The EU’s support for the challenges facing healthcare

The EU has dedicated 37 billion euros of its Recovery and Resilience Facility to healthcare reforms. It will provide opportunities to improve primary care infrastructure, make overdue investment in the renewal of medical technology and drive reforms towards the digital transformation of healthcare systems.

In light of today’s challenges, it is important to continuously invest in the improvement and modernisation of healthcare systems, and an integrated healthcare approach and reforms to drive the transformation of this sector in the wake of the Covid-19 pandemic are more important than ever.

The digitalisation of processes in the healthcare system and directly at the point of care in hospitals and in your doctor’s practice can be a good answer to make better use of data for the benefit of patients, doctors, and the healthcare system as a whole.

This fact has already been recognised by the World Health Organisation (WHO), whose member states in 2018 endorsed the Declaration of Astana to strengthen Primary Health Care.

Data suggests that more than 18 billion US dollars in hospitalisation costs in the EU related to chronic conditions can be avoided through more efficient and better integrated processes.

The European Union’s newly created Recovery and Resilience Facility (RRF) provides a strong opportunity for governments and healthcare providers in Europe to drive healthcare reforms and better healthcare infrastructure. According to the European Commission, more than 37 billion euros has been allocated to healthcare investments in national recovery and resilience plans.

These EU RRF investments and reforms are one of the solutions which can improve access to healthcare and modernise infrastructure, and digitalisation of healthcare processes must be a key component to increase the resilience of healthcare systems in Europe

Meanwhile, the geopolitical, pandemic and economic situations have significantly impacted supply chains and led to inflationary pressure. In a perfect storm with regulatory pressures in Europe, everyone has to work together to avoid shortages in medical supplies.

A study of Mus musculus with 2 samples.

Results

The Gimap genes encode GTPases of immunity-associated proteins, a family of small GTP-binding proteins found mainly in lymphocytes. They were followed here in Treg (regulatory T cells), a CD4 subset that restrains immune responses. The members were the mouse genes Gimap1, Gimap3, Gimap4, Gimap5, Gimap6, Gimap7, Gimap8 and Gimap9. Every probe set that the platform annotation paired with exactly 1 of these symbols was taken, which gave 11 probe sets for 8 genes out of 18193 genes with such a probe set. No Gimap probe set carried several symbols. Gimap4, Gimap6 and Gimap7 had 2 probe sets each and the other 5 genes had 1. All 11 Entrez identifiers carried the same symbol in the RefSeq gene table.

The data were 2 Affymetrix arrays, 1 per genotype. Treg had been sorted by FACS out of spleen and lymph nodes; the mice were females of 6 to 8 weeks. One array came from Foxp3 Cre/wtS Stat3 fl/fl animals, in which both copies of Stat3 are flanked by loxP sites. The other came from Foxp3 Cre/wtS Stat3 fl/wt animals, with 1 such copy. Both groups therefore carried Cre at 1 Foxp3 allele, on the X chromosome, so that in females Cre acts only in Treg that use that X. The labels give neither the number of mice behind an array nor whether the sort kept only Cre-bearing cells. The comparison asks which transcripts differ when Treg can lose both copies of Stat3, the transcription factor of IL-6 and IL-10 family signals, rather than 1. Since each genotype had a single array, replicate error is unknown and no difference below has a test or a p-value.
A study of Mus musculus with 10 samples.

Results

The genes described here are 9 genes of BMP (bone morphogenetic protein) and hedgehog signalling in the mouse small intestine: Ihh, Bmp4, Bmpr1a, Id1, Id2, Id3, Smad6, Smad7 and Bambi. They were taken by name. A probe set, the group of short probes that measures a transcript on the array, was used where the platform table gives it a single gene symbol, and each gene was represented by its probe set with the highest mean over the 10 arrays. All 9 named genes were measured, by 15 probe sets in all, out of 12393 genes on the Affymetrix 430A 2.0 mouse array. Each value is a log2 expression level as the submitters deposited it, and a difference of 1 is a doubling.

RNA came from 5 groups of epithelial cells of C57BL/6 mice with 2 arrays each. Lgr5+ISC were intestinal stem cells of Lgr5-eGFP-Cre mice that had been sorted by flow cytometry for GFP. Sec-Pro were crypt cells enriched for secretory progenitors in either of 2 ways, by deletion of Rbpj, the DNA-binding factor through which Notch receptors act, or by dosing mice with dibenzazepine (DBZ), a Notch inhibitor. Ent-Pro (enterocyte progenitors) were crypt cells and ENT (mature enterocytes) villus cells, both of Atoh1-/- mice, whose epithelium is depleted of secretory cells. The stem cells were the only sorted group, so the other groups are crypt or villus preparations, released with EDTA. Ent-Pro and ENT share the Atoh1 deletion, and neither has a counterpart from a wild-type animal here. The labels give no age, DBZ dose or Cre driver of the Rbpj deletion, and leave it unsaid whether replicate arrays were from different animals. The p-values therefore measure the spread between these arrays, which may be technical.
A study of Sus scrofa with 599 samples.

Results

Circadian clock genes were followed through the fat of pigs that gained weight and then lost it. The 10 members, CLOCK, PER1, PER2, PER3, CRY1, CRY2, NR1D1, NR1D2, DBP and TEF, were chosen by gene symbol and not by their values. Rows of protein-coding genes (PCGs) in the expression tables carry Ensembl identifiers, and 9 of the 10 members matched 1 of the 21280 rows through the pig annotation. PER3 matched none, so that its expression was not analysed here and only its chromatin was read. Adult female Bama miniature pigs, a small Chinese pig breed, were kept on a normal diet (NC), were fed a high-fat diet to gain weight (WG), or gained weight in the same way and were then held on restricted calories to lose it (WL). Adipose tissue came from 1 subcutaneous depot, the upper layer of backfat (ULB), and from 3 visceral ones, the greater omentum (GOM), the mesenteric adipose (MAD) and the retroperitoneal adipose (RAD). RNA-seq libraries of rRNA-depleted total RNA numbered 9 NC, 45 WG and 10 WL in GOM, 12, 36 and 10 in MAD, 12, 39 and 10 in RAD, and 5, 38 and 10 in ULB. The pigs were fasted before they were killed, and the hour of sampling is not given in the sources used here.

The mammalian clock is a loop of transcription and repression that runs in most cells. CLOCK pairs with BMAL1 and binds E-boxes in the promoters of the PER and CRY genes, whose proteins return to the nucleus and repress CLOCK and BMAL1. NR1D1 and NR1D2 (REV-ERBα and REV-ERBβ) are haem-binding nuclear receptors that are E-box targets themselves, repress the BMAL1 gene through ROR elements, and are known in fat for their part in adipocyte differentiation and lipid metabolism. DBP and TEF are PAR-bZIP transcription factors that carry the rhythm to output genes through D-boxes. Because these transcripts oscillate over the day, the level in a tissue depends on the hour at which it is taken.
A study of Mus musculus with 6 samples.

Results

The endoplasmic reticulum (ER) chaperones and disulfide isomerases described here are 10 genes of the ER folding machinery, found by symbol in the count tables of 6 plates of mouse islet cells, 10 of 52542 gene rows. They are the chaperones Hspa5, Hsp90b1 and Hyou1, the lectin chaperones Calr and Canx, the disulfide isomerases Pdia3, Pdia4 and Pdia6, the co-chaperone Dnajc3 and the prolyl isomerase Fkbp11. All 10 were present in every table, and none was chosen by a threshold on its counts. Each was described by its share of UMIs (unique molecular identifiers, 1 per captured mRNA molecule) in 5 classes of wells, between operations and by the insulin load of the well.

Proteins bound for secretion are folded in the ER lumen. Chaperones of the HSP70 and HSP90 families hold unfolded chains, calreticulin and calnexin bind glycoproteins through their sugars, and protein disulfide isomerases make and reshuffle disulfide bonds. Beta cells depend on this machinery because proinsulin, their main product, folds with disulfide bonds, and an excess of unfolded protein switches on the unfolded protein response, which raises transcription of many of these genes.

EU funding for healthcare through RRF

The EU’s RRF makes a total budget of 750 billion euros in grants and loans for investments and reforms available to national governments.

The aim of this ground-breaking stimulus and reform programme is to promote the economic, social, and territorial development of the EU, based on three pillars: green, digital, and resilience.

The more than 37 billion euros of the RRF dedicated to healthcare reforms will provide opportunities to improve primary care infrastructure, make overdue investment in the renewal of medical technology and drive reforms towards the digital transformation of healthcare systems.

Supply chain challenges

Supply chain management in healthcare is a tough and multi-layered process involving a vast base of suppliers around the world, logistics companies, manufacturers, and governments alike.

Together we need to fix supply chain disruptions, to make sure that healthcare investments and medical devices reach patients and healthcare providers.

In today’s constrained environment, producing essential pharmaceuticals and medical equipment has to be prioritised in supply chains, logistics, availability of parts and semi-conductors in case of future disruptions.

All this should be done to ensure that medical personnel can do a decent job with their focus on patients. Especially significant is providing healthcare professionals with the uninterrupted ability to diagnose and treat patients, while at the same time allowing them to work more accurately and efficiently, both in terms of time and cost.

In order to make this happen, one of the things we need to concentrate on is implementing a remote connection between facilities. However, here, too, the matter is not so simple. At the same time as the information flow, it is necessary to work on protecting systems and finding the right partners to deliver tested algorithms and safe cloud and network capabilities.

Primary healthcare is the key to improving the life of societies in general

Primary healthcare (PHC) and appropriately equipping local medical facilities, not only in terms of hardware but also human resources, are crucial.

This is both about healthcare, especially since PHC is among the most cost-effective approaches we have to drive better health outcomes to improve the quality of services, and contribute to reducing inequities in healthcare. Moreover, PHC challenges rely on four key vectors: access, comprehensiveness, continuity, and coordination. It is also worth highlighting the role of digital transformation, which can be a real accelerator towards more resilient and efficient healthcare.

The healthcare industry faces a lot of challenges on a daily basis, many of which I didn’t even mention. However, it is important to bear in mind that the key to success is consistent work guided by purpose and mission. In our work at GE Healthcare, we are improving lives in moments that matter.